Senate Passes Foreign Aid Bill: ‘Only the House Can Stop It Now’

Ukrainian President Volodymyr Zelenskyy, center, walks with Senate Minority Leader Mitch M
AP Photo/Susan Walsh

It took all night, but the Senate passed a $95 billion foreign aid package Tuesday morning minutes before the sun rose on Capitol Hill.

Despite the imagery, the bill’s prospects of become law appear dark. But that didn’t stop the bill’s champions from gloating after a decisive 70 to 29 vote.

“History settles every account,” Minority Leader Mitch McConnell (R-KY) said in a statement. “And today, on the value of American leadership and strength, history will record that the Senate did not blink.”

Yet less than half of McConnell’s conference voted with him in another sign that the conference – and the party – are moving away from the long-time Republican leader.

“Most Senate Republicans vote no. McConnell of course votes with the Democrats,” Sen. Josh Hawley (R-MO) posted on X after the vote. “He is Biden’s chief foreign policy supporter these days. That position is an island – and the gulf between it and the rest of America is only getting wider.”

Democrats blocked motions to allow amendments, even Democrat amendments, in a sign that the skids were greased for the Schumer-McConnell agreements.

In return, the bill’s opponents refused to yield to a time agreement to expedite the vote, taking turns speaking against the bill and the process on the Senate floor until the clock expired just after 5:00 a.m. EST and the vote began.

Ultimately, the bill’s 29 opponents, which included Democrat Sens. Jeff Berkley (D-OR) and Peter Welch (D-VT), could not prevail.

McConnell wasn’t the only politician taking a victory lap. Ukraine President Volodymyr Zelensky thanked the Senate, singling out Majority Leader Chuck Schumer (D-NY) and McConnell.

Zelensky posted a statement on X claiming “continued U.S. assistance helps to save human lives from Russian terrors. It means that life will continue in our cities and will triumph over war.”

Despite those claims, the war continues draining Ukrainian lives, with the casualties —  killed and wounded — approaching 400,000, as well as hundreds of thousands more who have left the country likely never to return.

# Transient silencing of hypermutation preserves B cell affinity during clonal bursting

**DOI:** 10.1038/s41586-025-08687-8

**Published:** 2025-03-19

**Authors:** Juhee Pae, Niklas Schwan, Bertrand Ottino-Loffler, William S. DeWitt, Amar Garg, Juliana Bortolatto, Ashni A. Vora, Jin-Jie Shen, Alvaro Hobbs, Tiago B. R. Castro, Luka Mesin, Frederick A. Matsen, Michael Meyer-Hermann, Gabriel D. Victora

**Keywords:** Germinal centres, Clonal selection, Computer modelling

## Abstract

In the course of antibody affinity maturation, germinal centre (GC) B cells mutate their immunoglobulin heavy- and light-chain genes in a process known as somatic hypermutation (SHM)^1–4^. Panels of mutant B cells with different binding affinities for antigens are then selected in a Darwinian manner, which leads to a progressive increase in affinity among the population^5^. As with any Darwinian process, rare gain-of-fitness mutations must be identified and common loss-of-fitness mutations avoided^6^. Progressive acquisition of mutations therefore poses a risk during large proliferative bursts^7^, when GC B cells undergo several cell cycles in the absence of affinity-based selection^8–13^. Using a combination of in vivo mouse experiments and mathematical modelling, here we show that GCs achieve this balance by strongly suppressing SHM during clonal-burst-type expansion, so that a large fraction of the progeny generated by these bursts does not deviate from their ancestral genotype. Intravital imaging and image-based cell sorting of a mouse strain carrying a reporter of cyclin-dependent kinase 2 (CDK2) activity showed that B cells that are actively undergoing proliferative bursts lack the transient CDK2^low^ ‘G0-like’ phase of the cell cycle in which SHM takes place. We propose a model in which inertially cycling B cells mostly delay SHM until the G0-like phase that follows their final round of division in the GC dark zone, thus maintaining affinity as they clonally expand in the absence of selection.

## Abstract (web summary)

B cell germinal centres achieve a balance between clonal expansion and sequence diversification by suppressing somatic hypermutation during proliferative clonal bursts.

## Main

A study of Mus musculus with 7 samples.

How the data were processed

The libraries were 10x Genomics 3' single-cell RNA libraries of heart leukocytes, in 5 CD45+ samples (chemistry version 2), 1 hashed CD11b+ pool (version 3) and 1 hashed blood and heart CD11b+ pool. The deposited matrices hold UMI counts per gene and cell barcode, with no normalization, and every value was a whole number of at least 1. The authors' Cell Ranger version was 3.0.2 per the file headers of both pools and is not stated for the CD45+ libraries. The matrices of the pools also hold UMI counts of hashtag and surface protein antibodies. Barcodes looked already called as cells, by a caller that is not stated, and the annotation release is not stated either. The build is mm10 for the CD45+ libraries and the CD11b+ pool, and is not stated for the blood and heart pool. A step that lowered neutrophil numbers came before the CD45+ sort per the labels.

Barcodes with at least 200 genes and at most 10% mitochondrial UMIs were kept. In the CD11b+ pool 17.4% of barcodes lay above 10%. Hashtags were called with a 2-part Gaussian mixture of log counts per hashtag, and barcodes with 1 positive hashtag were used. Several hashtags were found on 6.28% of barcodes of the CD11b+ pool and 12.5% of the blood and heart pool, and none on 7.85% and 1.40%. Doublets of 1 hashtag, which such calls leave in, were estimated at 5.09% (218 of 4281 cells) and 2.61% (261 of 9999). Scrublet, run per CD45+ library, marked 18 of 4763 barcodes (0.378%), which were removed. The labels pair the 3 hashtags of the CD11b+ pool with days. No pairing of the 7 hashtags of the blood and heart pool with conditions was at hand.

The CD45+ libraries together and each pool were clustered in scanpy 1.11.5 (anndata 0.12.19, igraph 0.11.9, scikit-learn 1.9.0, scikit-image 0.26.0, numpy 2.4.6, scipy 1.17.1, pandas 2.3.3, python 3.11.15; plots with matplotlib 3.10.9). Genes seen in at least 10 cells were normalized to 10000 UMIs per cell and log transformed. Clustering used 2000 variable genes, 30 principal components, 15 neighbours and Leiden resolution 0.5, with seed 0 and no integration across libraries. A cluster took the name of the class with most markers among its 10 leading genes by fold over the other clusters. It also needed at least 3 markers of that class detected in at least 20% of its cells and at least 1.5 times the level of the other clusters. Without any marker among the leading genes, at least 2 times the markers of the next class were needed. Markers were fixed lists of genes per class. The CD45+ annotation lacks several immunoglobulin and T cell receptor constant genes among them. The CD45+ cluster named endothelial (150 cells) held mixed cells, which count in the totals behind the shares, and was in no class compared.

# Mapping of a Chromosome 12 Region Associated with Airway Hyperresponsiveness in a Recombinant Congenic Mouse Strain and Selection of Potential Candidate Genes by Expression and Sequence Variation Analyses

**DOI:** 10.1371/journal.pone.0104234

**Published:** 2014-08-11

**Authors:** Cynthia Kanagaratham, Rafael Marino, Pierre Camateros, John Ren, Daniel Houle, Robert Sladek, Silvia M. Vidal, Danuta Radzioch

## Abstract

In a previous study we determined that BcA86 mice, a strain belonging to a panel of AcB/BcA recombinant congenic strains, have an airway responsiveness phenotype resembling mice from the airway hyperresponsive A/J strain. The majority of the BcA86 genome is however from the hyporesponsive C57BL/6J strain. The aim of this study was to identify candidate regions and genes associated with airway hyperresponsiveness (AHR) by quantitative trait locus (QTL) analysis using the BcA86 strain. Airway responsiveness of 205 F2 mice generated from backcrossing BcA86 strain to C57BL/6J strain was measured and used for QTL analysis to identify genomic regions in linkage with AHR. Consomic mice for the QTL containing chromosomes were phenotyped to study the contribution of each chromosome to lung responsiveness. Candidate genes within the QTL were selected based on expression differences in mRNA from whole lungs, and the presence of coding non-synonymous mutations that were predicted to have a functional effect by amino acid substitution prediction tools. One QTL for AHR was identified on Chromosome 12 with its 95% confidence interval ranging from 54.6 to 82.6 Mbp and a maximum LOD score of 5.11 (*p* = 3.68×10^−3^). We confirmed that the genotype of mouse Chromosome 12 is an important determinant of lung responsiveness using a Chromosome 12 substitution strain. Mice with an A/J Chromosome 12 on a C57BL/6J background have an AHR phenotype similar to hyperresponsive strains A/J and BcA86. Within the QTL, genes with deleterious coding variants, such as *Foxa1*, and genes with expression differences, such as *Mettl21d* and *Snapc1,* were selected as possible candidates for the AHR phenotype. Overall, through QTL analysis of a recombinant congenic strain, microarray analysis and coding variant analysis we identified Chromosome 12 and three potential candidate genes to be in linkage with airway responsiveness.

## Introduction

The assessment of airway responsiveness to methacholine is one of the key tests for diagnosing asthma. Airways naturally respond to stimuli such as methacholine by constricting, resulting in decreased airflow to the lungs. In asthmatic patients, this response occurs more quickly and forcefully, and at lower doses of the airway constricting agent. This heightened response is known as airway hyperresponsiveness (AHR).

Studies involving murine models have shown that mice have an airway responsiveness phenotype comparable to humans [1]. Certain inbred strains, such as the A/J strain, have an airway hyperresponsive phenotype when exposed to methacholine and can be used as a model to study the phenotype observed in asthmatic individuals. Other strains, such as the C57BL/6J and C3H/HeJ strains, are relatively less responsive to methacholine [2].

The war has been at a stalemate for over a year, with no significant lands captured by either side as Russia continues draining Ukrainian – and Western – resources.

Opponents to endless funding of the aid package have asked for the Biden Administration to lay out a path for victory in Ukraine, to no avail. They’ve also asked for increased accountability to ensure the notoriously corrupt Ukrainian government uses the money properly.

Aid supporters insist the need for aid is too timely to slow down with those unnecessary speed bumps.

The Senate vote will do little to change the aid package’s trajectory in the House, where it is unlikely to even receive a vote.

Speaker Mike Johnson (R-LA) issued a statement Monday night indicating the House will not bring up the bill, making clear his desire for Congress to first address the southern border.

“In the absence of having received any single border policy change from the Senate, the House will have to continue to work its own will on these important matters,” Johnson said. “America deserves better than the Senate’s status quo.”

After the vote, Sen. Mike Lee (R-UT), one of the leaders of the opposition to the bill, succinctly captured the bill’s future, saying “only the House can stop it now.”

Barring a turnaround from Johnson, that seems exactly what the House will do.

Bradley Jaye is a Capitol Hill Correspondent for Breitbart News. Follow him on X/Twitter at @BradleyAJaye.